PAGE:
Takeaways from our last event and challenges moving forward
The idea of ‘sustainable travel’ demands thought and attention – such was clear at our Sustainable Tourism event that attracted a full house at Betahaus on the 3rd of September. We had two speakers: Susana Baumann, the Corporate Social Responsibility Manager at Ventura Travel, and Santeri Lehtonen, a field-tested Ecologist currently working with Impact Entrepreneurship, LCA and Climate Action, and creator of vojo, a low-carbon travel planning project. Both Susana and Santeri spoke about the ways their organizations are making tourism more sustainable and offered their own advice for individual decision making when it comes to travelling. Some challenging issues such as taxing kerosene and flying less were discussed, although with an air of trepidation, as these are sensitive issues for some people. It was a good reminder that these matters must be addressed with both empathy and fact based solutions and alternatives.
Susana began by speaking about the role of CSR, or corporate social responsibility. As the CSR manager of Ventura Travel she is an ambassador for sustainable tourism. She spoke passionately about the ways both individuals and travel companies can act responsibly while travelling abroad.
Some ways for travel companies to positively impact the communities they’re visiting is by keeping the groups small, using local travel guides, shopping local, and staying in family owned accommodation. She advises to look for a sustainability certification when choosing a travel company—Ventura is certified by TourCert, which conducts a detailed review of all business areas every two years. They also compensate all of the CO2 from their guest’s travel arrangements including flights, accommodation and excursions. Although CO2 compensation is a controversial issue and should not be used as a blanket solution for carbon emissions, it can be a way to reduce greenhouse gases when implemented correctly. Since many carbon offset programs are not certified by a third-party standard, it’s important to do your research and make sure that the travel company is using a reputable company for their compensation. She ended with the message: think critically.
Stop to think about the ways in which your actions benefit the local community, and how they can be harmful.
Santeri began his presentation with a statement he often hears: “Aviation is only 2% of global emissions, so it’s nothing to worry about.” He explained that this is a dangerous rationale because aviation emissions are not regulated by any international treaties, and therefore are operating unchecked. “A study by the European Organisation for the Safety of Air Navigation predicts that the current 10.6 million annual flights within Europe will increase by 53% by 2040.” (source). The lack of cooperation between governments, among other things, makes it difficult to properly tax kerosene. This, along with fossil fuel subsidies, allow for ridiculously cheap flights—encouraging reckless flying behavior that is unsustainable. Santeri points out that this lack of oversight has impeded the technological engineering necessary to decarbonize planes.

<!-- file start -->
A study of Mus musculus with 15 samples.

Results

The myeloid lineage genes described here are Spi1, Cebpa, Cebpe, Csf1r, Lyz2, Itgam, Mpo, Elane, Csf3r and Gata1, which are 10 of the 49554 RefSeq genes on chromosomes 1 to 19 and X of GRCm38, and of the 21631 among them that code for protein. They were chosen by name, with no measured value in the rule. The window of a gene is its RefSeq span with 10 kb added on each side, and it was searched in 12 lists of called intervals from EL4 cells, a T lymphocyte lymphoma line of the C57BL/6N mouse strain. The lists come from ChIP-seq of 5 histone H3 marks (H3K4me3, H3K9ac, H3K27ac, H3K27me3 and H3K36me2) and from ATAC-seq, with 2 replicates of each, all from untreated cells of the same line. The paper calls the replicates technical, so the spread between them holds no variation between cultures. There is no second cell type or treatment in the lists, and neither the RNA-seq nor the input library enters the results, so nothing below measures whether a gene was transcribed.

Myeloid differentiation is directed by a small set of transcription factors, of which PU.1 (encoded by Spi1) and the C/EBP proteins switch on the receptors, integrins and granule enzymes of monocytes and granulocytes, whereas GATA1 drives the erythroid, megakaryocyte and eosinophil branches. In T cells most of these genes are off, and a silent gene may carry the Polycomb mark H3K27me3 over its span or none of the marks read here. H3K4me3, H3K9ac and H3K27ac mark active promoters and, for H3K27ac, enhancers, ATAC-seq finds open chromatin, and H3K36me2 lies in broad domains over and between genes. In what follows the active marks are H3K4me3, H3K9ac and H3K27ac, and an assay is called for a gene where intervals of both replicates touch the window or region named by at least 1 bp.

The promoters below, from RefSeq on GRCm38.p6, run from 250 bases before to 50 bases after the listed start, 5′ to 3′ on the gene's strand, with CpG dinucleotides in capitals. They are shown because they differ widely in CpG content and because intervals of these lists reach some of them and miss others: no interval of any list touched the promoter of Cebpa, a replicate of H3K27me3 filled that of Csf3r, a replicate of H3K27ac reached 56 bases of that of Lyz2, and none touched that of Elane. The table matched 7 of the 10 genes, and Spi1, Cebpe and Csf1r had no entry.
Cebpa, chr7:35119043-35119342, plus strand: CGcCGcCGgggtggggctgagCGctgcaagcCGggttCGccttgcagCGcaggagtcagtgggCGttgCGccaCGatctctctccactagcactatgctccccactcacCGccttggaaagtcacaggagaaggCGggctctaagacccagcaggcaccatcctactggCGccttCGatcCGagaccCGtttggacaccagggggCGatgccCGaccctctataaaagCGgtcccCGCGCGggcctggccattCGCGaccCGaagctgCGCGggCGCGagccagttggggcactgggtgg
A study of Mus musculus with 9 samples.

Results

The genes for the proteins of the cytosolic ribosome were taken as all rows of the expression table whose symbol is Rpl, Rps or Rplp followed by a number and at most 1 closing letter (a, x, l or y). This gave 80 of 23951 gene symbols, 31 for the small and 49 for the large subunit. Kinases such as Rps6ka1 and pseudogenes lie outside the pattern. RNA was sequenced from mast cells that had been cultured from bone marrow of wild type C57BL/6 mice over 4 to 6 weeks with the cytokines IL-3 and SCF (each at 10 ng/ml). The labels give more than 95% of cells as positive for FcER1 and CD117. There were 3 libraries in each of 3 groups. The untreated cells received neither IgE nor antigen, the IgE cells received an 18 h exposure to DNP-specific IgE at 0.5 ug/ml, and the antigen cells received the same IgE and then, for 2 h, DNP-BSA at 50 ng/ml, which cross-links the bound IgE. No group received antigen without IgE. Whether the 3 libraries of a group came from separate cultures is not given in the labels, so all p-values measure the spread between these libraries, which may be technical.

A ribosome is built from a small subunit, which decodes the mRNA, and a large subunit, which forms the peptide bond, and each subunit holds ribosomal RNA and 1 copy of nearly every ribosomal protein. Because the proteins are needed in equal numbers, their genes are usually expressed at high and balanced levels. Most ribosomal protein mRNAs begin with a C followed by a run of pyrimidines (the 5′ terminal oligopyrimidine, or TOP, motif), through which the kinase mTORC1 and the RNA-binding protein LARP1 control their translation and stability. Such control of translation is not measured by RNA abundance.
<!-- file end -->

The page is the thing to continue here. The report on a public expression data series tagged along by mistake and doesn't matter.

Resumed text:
As other sectors are decarbonizing, aviation will lag behind and hinder the ability to reach net-zero emissions by 2050 – a goal set by top climate scientists to limit global warming by 1.5 degrees Celsius and avoid catastrophic consequences (source).
Santeri then introduced an interesting dichotomy: “the aware world citizen”, but represented by two contrasting definitions. The first “aware world citizen” is one who travels to experience other cultures, broaden her horizons, empathize with others. The second aware world citizen thinks about the unintended consequences of her travel—the negative effects on the most vulnerable populations. This creates cognitive dissonance and anxiety, causing people to question why they travel. Hence the birth of slow travel—a movement that promotes creating deeper connections with the places you travel to.
While it’s important to consider the impact we’re having and let that change the way we travel, this knowledge should also inspire political action. We should be lobbying for policies with taxes and subsidies that encourage less air travel and more rail travel. A point was brought up during the discussion that the burden shouldn’t be put on the individual, but rather corporations and governments.
Although change needs to happen from the top down, individuals need to put pressure on politicians to initiate a transition that happens in the near future and benefits society as a whole.
The audience member making this counterpoint looked to Sweden as a perfect example of how citizen engagement and public pressure on the government can bring about policy change.
Santeri ended his talk with some ways to make travel more sustainable: explore your own city or country, have a staycation, read a book, or join a yacht crew. In 16 days he will be joining ‘Sail-to-the-COP‘, travelling via sea and land to COP25 in Chile, as a representative of Climate-KIC, hosting the Atlantic Ocean Climathon onboard the sailboat Regina Maris—Godspeed Santeri!
My main takeaway from this event was that people want change, and a lot of people want BIG change. People want discussion, they want to collaborate and discuss ways to bring about actual change. It gave me hope that averting a climate catastrophe is possible, and we’re building the necessary momentum.
A big thanks to Betahaus for hosting and Santeri and Susana for all their insights!